Here’s How Humans Might Beat Other Intelligent Life in a Science Fictional Space Race

Suppose for the moment that one is a science fiction writer. Suppose further that one desires a universe in which intelligence is fairly common and interstellar travel is possible. Suppose that, for compelling plot reasons, one wants humans to be the first species to develop interstellar flight. What, then, could keep all those other beings confined to their home worlds?

Here are options, presented in order of internal to external.

The easiest method, of course, is that while our Hypothetical Aliens—Hypotheticals for short!—are just as bright as we are, a glance at human prehistory suggests that there is no particular reason to think we were fated to go down the technological path that we did. Sure, the last ten thousand years have seen breakneck technological development, but that’s just a minute portion of a long history. Anatomically modern humans date back 300,000 years. The last ten thousand years have been highly atypical even for our sort of human. Other human species appear to have come and gone without ever venturing out of the hunter-gatherer niche. Perhaps the development of agriculture was a wildly unlikely fluke.

Humans were lucky enough to be surrounded by plants that could be cultivated and animals that could be domesticated. However, most plants and animals remain wild. It’s easy enough to imagine Hypotheticals in ecosystems entirely lacking in agriculture and domestication-appropriate species, which could well be a significant handicap in developing technologically sophisticated civilizations.

We can even speculate that our Hypotheticals are a bit more intrinsically anti-social than humans. We may think that humans are exceedingly violent, but in fact we’re pretty good at tolerating each other. We think nothing of cramming a couple of hundred humans onto an airplane. We expect for all of them to arrive alive and unharmed. Frans de Waal’s Chimpanzee Politics suggests that a few hundred unrestrained adult chimpanzees on a plane might well fail the “all alive and unharmed” test.

On the grand scale, chimpanzees are not all that different from us: ants make primates seem like saints when it comes to unrestrained violent impulses aimed at other communities. Hand a human an H-bomb and they can refrain from using it for decades at a time. Would that be true for intelligent ants? Would they even be able to cooperate on the community level long enough to acquire nukes?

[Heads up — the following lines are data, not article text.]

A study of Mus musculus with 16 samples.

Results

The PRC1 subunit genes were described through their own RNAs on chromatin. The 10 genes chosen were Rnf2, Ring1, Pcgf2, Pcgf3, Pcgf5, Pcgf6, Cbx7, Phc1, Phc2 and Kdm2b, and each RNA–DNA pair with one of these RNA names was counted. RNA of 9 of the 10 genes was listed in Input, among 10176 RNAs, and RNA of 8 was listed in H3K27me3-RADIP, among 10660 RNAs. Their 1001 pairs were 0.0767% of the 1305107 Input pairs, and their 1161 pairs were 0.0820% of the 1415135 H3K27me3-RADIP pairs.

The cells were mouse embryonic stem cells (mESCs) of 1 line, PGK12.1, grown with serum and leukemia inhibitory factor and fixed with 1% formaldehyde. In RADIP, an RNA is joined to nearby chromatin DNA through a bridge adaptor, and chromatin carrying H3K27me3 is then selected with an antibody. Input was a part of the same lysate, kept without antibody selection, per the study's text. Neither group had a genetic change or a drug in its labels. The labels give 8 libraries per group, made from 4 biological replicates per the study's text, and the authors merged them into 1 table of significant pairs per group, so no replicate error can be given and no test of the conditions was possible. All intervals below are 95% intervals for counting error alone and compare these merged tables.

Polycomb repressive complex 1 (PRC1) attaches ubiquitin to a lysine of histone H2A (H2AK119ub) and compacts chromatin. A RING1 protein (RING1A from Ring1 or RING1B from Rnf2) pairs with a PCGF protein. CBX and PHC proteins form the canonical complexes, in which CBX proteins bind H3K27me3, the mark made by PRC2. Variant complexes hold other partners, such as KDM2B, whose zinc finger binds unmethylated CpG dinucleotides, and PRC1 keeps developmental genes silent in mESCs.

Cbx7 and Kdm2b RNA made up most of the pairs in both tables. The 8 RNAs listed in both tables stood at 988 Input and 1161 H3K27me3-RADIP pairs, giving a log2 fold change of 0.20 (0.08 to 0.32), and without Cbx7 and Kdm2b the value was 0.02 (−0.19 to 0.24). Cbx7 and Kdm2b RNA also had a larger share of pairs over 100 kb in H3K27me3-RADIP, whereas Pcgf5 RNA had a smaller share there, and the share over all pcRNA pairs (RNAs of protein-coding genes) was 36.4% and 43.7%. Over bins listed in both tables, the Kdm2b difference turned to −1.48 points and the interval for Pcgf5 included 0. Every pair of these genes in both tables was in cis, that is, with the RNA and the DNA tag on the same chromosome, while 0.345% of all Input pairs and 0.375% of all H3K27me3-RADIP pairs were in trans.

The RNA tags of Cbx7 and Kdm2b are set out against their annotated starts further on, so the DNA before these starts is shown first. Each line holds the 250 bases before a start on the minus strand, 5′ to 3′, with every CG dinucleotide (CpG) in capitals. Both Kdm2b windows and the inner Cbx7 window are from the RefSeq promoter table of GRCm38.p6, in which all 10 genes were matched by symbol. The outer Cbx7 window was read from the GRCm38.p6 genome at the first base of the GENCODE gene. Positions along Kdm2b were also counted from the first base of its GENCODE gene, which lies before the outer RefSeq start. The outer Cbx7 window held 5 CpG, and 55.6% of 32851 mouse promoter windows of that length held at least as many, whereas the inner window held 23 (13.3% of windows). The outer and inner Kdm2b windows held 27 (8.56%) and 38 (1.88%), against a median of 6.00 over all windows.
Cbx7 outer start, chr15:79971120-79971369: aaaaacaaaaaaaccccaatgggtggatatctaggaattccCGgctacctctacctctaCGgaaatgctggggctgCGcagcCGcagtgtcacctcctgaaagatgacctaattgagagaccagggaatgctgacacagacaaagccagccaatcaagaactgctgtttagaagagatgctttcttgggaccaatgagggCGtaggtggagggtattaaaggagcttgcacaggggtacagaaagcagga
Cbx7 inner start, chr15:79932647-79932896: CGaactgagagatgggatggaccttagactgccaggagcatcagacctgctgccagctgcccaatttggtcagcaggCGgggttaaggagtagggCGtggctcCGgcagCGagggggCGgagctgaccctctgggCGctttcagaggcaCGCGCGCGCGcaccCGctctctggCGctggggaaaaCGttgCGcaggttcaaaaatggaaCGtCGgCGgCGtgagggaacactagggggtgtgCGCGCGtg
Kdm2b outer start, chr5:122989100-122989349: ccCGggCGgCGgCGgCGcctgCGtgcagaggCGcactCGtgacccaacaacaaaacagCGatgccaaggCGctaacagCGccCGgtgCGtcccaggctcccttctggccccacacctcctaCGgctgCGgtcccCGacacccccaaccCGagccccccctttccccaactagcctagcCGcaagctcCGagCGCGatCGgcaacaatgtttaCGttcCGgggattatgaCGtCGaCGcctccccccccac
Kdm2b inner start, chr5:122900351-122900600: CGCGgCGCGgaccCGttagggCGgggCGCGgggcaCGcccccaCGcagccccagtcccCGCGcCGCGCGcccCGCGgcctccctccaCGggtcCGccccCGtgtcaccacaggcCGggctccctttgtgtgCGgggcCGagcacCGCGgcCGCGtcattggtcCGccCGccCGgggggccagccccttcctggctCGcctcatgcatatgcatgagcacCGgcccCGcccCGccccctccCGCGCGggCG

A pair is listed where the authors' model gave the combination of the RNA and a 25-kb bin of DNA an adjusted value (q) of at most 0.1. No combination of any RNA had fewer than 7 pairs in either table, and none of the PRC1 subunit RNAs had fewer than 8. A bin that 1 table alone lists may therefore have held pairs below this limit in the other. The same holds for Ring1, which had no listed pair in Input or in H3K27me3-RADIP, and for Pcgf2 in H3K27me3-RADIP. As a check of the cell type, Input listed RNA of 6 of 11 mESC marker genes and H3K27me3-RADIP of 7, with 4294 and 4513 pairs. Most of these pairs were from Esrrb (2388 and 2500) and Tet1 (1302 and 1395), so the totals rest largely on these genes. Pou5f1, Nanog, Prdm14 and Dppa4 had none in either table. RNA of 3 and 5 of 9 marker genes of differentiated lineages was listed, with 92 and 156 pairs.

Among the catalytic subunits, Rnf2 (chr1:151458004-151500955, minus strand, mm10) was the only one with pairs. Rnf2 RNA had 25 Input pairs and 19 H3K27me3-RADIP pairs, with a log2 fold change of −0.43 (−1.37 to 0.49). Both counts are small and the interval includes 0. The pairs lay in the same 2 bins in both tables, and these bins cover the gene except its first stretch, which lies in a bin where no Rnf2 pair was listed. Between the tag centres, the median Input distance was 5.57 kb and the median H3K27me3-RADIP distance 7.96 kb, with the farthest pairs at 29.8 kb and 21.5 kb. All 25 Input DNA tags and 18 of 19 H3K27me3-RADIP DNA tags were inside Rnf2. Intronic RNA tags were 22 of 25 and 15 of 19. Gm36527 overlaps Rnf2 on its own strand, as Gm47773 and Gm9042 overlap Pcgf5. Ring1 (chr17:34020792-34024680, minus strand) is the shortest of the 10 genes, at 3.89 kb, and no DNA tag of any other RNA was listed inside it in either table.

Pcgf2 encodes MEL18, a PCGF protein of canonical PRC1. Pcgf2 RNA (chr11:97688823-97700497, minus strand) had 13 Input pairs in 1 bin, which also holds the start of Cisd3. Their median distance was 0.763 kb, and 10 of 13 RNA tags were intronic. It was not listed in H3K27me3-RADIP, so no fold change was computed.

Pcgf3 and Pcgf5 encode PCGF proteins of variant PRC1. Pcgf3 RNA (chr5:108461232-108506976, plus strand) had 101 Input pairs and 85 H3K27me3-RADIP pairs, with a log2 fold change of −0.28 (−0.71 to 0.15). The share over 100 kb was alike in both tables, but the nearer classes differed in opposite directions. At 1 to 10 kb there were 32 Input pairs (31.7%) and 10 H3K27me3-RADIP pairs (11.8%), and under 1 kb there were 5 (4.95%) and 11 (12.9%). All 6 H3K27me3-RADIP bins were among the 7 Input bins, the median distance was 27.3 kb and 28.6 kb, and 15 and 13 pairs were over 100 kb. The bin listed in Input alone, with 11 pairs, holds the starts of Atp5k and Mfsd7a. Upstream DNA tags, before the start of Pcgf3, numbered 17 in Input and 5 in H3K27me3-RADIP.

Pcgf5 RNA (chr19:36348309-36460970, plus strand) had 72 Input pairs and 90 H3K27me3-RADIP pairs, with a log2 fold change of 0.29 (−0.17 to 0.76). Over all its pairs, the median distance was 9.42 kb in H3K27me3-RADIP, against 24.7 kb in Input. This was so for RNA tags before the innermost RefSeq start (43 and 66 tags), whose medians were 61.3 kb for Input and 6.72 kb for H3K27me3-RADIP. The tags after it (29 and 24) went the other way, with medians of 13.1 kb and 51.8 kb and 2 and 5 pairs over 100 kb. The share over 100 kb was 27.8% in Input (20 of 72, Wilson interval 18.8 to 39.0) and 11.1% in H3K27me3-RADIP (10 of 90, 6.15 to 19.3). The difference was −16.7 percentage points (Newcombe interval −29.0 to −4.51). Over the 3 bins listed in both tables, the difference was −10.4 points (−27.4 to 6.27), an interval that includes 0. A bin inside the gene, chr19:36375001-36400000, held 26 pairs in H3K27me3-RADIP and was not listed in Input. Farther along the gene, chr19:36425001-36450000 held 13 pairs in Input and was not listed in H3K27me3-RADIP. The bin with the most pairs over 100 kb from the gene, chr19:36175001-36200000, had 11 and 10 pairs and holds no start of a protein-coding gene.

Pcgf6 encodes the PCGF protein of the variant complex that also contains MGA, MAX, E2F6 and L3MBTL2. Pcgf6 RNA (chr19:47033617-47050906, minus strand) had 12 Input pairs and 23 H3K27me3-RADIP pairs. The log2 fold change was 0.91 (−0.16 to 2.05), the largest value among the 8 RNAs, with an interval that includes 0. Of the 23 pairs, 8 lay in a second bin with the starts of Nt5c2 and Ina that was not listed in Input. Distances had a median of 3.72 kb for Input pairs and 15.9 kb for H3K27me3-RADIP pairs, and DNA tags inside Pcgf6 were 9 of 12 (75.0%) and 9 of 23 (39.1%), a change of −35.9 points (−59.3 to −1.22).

Humans are also fortunate that cultural continuity between generations is possible. Consider, for example, salmon. Once they spawn, they die. If there were such a thing as an intelligent salmon, each generation would have to start from scratch. Even if work-arounds were possible (like a caste of teachers who forgo reproduction so that they can live long enough to educate the kids), that probably wouldn’t be enough to allow complex societies.

What if the Hypotheticals don’t have hands or similar gripping appendages? The utility of hands cannot be understated. Other species also can use beak, claw, or trunk, but they aren’t as dexterous as human hands. Nor can they safely be used to manipulate anything sharp or poisonous. The average lifespan of a crow chemist encountering fluorine for the first time cannot be all that long.

Environment counts. Humans have been lucky to find abundant resources in places they could reach and in forms they could exploit. Result: increasing sophisticated resource extraction. That was in no way inevitable. For example, ninety percent of today’s coal beds date from the Carboniferous and Permian periods, which represent one fiftieth of Earth’s history. Had geology played out a little differently, our coal resources might have been far more meager than they were, greatly impeding industrial development. One could easily imagine a world whose geology is broadly Earthlike but deficient in easily exploitable resources.

Should inconsiderate geology prove insufficient, consider that most of the Earth is covered in oceans. Imagine the bright Hypotheticals confined to an ocean. Entire pathways of development, particularly those involving fire, would be far more difficult for aquatic Hypotheticals. It’s even worse for Hypotheticals who hail from frigid ocean worlds like Europa. Not only is the ocean ten times deeper than Earth’s ocean, not only do exotic ices pave the ocean floor, making access to heavier elements harder…but the universe is on the other side of a layer of surface ice. All humans needed to start developing astronomy was to look up. Hypotheticals on a frozen-over Europa would find the task much harder.

Lastly: Self-extinction. All we need for our imaginary, plot-driven purposes is for most intelligent species to go extinct stumbling over the first steps to space-age technology. Thus when humans venture out, they’ll find only young and low-tech species.

Of course, this is nothing like a comprehensive list. No doubt you can think of other scenarios that would explain why humans would be the first to travel the stars. Feel free to mention them in comments below.

In the words of Wikipedia editor TexasAndroid, prolific book reviewer and perennial Darwin Award nominee James Davis Nicoll is of “questionable notability.” His work has appeared in Publishers Weekly and Romantic Times as well as on his own websites, James Nicoll Reviews and the Aurora finalist Young People Read Old SFF (where he is assisted by editor Karen Lofstrom and web person Adrienne L. Travis). He is a four-time finalist for the Best Fan Writer Hugo Award, is eligible to be nominated again this year, and is surprisingly flammable.